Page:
Skip to comments.what non-believers believe [Catholic Caucus]
Posted on 08/21/2008 10:47:53 AM PDT by NYer
"I have yet to let Jesus enter my life, but I admire Warren," writes Alan Wolfe in a New Republic essay.
Well you didn't expect a New Republic writer to be a born-again Christian, did you?
Just one thing: Wolfe is the director of the Boisi Center for Religion and American Public Life at Jesuit-run Boston College.
Now why would an allegedly Catholic school choose an agnostic to direct a center on religion and public life?
But wait, you say. Is it fair to conclude, from that one sentence, that Wolfe is a non-believer? Maybe he was making some subtle point. Let's fast-forward to the end of the article, and find:
If a better balance between religion and politics is to come about, it will because of what religious leaders do, and not because of what non-believers such as myself want to happen.
OK, let's ask the question again: Why would an allegedly Catholic school choose an agnostic to direct a center on religion and public life?
Surprised .... not!
Because the premise is what non-caucus members believe, this thread does not qualify as a “caucus.”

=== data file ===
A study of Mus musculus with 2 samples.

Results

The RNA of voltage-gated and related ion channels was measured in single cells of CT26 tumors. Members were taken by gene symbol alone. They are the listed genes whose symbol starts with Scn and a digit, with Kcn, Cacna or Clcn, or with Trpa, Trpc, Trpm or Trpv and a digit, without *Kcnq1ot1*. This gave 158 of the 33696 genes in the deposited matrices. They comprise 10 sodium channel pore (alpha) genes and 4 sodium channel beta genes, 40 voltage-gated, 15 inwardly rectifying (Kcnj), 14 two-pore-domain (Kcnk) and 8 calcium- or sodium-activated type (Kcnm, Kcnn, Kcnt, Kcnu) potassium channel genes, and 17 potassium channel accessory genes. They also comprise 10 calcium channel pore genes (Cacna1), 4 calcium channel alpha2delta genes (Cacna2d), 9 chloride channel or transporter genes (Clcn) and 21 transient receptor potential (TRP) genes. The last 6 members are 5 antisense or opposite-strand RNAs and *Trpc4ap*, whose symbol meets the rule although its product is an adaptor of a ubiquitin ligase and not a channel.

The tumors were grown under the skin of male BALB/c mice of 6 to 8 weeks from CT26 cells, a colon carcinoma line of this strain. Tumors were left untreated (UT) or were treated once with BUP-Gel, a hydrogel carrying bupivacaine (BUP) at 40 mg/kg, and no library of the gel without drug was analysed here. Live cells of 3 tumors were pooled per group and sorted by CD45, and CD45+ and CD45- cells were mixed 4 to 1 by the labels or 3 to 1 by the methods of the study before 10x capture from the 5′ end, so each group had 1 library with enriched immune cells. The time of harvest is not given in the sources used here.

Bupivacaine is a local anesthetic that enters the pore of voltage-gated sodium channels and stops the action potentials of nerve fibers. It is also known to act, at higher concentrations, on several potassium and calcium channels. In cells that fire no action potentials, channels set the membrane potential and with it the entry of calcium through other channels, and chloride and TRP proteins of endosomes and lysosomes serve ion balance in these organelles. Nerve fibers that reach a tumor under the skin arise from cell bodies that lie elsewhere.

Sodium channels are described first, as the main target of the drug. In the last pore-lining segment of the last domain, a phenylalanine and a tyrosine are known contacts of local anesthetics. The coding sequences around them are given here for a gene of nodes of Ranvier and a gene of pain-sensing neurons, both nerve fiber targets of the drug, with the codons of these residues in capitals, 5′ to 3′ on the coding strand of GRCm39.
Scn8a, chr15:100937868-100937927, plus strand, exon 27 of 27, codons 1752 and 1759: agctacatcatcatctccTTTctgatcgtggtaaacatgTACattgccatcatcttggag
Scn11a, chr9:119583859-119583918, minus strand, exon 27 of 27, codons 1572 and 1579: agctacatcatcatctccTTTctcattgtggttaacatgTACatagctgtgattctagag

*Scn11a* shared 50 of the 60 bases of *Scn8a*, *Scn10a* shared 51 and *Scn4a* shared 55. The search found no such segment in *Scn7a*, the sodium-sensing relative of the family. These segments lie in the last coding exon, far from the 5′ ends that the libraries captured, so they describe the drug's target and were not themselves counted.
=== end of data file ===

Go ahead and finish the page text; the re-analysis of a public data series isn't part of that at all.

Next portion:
Boston College is not a Catholic college.
It hasn’t been for decades.
And this should be enough evidence for any who have doubted that fact.
What non-believers believe - well nothing - otherwise they would be believers.
So much for diversity.
UNbelievers in God believe there will be a day of judgement when their good will outweigh their bad. Funny, I don’t get off for the speeding ticket because I didn’t speed the whole week before.
Often wonder what sustains non-believers through tough times. My faith in God has gotten me through some difficult trials.
The opposite, fear of ________. And it’s really a horrible place to be, because as much as faith gives peace, it rips it away.
The sad part is that I realize this and I live in it too much myself.